Contact Us

Inventory In Wynwood Set To Double In 3 Years


In the early 2000s, Miami’s Wynwood district transformed from a gritty warehouse area into a thriving arts center with street art murals and galleries. It then morphed again, developing a nightlife scene with restaurants, bars and creative spaces.

Investors believe that a new wave of residential and office construction that’s currently underway will bring on yet another chapter: Wynwood as a more mature live-work-play destination.

Multifamily and office inventory in the area are poised to double over the next three years, according to a market report commissioned by the Wynwood Business Improvement District, which represents the 400-plus property owners throughout the Wynwood Arts District. The study was conducted by Integra Realty Resources.

Absorption shouldn’t be a big problem, the report suggests, since the new inventory has little competition. Existing housing stock consists mostly of vintage assets from the 1950s and '60s, and existing office space is mostly repurposed warehouse space.

Projects already underway in the BID include 464 rental units in two new buildings: Wynwood 25 by East End Capital and Related Group and The Bradley by Block Capital and Related. The 197K SF of office space is in four new buildings: Wynwood Garage, Wynwood Annex, Cube Wynwd and Print House. These should be completed in 48 to 60 months. An additional 600-plus residential units and 787K SF of office space are in proposal stages.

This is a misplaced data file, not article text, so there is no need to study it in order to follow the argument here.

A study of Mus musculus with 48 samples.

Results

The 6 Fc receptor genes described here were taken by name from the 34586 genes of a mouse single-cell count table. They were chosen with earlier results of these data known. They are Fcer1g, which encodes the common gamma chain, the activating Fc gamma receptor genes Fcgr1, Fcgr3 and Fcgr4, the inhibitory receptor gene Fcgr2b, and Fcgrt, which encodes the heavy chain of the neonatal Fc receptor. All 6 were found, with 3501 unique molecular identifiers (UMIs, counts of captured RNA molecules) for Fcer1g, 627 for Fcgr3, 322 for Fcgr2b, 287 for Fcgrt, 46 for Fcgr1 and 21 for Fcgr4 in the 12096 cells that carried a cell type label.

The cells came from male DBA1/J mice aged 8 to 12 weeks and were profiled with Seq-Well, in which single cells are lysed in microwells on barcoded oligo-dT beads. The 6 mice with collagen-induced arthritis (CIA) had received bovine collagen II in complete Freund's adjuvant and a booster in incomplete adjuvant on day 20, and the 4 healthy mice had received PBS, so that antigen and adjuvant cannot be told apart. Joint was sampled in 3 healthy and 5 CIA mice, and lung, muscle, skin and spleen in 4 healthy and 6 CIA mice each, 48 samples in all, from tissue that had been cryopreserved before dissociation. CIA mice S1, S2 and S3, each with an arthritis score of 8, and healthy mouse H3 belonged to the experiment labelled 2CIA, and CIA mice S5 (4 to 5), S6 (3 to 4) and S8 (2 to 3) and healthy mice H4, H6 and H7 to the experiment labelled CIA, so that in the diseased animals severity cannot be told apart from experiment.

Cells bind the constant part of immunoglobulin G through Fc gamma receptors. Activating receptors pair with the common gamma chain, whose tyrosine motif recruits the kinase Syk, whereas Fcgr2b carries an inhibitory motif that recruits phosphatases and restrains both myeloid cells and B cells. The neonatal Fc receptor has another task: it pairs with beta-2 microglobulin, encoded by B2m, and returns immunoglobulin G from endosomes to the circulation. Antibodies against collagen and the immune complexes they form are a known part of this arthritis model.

The report notes that “retail rents have retreated year-to-date 2018," but that was after several years of strong growth. Rents have more than tripled since 2013. The average rental rate was $15.82 PSF in 2011 and rose to $61.75 in 2017.

But the art galleries that first drew people to Wynwood have been moving out for years because of rising costs, and in September, popular spots Wynwood Yard and O Cinema announced that they would be closing next year. The average retail rental rate is now $55.67 PSF. 

The influx of residents and office workers could boost the retail sector by bringing a steady stream of people.

“Daytime population from office development under construction will increase by 2,800 persons,” the report states.